Quick: What’s the most pervasive problem plaguing Philadelphia?
If you answered poverty, you’d sadly be right. And at a time when nearly one-quarter of Philadelphians live below the poverty line, none of us can afford to turn away from issues like income inequality any longer.
Nick Hanauer knows this. An unabashed capitalist, Hanauer is not merely in the top one percent of earners, but the top .01 percent. A plutocrat who’s managed, founded or financed over 30 companies—including a little venture called Amazon, for which he was an early investor—he’s also an author and civic activist who famously, and successfully, championed Seattle’s $15 minimum wage. And if his experience at the top of the income pyramid has taught him anything, it’s this:
We need a new economics.
It’s a call to action Hanauer espoused in his popular 2019 TED Talk, in which he decried the many flaws of today’s capitalism.
“The economics of what made me so rich isn’t just wrong—it’s backwards,” he said during the Talk. “Because it turns out, it isn’t capital that creates economic growth; it’s people. And it isn’t self-interest that promotes the public good; it’s reciprocity. And it isn’t competition that produces our prosperity; it’s cooperation. What we can now see is that an economics that is neither just nor inclusive can never sustain the high levels of social cooperation necessary to enable a modern society to thrive.”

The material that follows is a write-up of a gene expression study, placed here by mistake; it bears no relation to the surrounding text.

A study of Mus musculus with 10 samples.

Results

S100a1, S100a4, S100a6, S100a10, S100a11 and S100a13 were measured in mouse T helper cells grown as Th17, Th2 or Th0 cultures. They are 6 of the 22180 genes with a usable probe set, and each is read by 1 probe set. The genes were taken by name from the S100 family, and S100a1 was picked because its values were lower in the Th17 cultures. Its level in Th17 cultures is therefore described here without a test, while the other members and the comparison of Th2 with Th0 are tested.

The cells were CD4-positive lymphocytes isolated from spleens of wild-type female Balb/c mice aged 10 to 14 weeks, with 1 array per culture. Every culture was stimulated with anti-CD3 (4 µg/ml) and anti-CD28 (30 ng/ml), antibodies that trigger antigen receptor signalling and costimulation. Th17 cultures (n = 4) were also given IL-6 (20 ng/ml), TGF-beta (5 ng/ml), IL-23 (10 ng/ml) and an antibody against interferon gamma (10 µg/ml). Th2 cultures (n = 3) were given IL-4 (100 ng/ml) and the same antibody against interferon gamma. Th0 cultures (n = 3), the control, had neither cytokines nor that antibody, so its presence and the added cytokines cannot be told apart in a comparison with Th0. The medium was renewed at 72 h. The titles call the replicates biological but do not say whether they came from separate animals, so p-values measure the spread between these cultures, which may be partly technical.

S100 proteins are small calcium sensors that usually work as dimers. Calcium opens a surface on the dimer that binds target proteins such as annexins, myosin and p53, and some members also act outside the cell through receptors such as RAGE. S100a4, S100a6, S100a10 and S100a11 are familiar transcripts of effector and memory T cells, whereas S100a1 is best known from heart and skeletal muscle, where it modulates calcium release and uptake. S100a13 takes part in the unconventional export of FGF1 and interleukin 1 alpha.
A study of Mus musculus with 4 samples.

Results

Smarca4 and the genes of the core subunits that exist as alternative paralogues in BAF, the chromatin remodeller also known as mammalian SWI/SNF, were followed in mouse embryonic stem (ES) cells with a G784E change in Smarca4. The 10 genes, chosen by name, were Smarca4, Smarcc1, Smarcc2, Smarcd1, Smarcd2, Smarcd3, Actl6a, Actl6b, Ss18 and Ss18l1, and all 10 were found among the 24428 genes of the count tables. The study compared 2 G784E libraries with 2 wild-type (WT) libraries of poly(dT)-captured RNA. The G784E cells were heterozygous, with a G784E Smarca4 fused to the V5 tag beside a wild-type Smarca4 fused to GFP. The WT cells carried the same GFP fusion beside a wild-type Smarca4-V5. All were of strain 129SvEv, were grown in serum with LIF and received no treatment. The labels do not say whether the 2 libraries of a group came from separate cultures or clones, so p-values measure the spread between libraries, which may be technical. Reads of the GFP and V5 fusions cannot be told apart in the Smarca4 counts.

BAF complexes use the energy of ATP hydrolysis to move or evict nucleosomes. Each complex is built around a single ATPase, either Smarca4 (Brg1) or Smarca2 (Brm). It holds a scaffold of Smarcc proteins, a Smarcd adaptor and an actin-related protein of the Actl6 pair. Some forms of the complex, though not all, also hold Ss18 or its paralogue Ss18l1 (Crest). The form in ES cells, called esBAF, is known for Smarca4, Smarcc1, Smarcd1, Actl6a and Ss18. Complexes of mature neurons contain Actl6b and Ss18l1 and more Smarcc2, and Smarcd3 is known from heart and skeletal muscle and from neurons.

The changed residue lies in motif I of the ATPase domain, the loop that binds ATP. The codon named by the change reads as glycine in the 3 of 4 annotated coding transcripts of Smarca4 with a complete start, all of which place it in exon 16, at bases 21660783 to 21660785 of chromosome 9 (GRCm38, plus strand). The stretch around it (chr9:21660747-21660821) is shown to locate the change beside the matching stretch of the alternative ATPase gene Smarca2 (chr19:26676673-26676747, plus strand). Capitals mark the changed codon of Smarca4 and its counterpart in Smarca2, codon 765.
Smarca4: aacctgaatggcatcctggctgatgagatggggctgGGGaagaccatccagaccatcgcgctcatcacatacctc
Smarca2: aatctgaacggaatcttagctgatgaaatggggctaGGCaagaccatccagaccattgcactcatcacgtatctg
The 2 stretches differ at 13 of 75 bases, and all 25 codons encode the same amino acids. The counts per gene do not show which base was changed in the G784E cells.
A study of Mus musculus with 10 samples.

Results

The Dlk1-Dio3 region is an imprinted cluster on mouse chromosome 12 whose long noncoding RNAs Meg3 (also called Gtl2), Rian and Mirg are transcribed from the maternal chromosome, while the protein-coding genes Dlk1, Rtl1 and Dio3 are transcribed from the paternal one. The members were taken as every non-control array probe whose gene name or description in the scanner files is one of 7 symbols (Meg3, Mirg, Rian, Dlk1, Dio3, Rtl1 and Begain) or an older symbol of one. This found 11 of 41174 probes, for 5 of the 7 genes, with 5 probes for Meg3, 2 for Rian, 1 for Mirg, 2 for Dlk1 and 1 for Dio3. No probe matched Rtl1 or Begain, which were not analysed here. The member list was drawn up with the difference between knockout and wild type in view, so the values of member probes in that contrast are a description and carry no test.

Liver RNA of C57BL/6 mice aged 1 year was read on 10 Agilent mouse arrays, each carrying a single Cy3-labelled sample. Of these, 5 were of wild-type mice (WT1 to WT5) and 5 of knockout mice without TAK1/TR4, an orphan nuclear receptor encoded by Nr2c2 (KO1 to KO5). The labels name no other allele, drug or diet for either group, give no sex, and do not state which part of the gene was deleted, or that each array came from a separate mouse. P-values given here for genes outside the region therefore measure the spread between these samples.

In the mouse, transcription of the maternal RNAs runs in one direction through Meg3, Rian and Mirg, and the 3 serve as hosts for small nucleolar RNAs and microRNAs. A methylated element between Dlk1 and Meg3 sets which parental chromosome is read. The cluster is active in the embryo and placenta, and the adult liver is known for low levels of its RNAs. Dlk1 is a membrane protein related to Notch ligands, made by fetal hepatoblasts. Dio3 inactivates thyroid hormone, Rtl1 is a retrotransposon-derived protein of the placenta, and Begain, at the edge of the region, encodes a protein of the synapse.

But Hanauer doesn’t just TED-talk his way around change. In 2015, he founded Civic Ventures, a group of “political troublemakers devoted to… catalyz[ing] significant social change.” The group’s goal: Nothing short of shaking up the status quo in Seattle, and the rest of the country.
On December 22, Hanauer will bring his 30-plus years of business expertise and his renegade approach to economic theory to The Citizen’s 3rd annual Ideas We Should Steal Festival, where he’ll join MSNBC host Ali Velshi for a conversation on how capitalism is failing us, and what we can do about it.
Get your tickets here—we can’t wait for you to join us.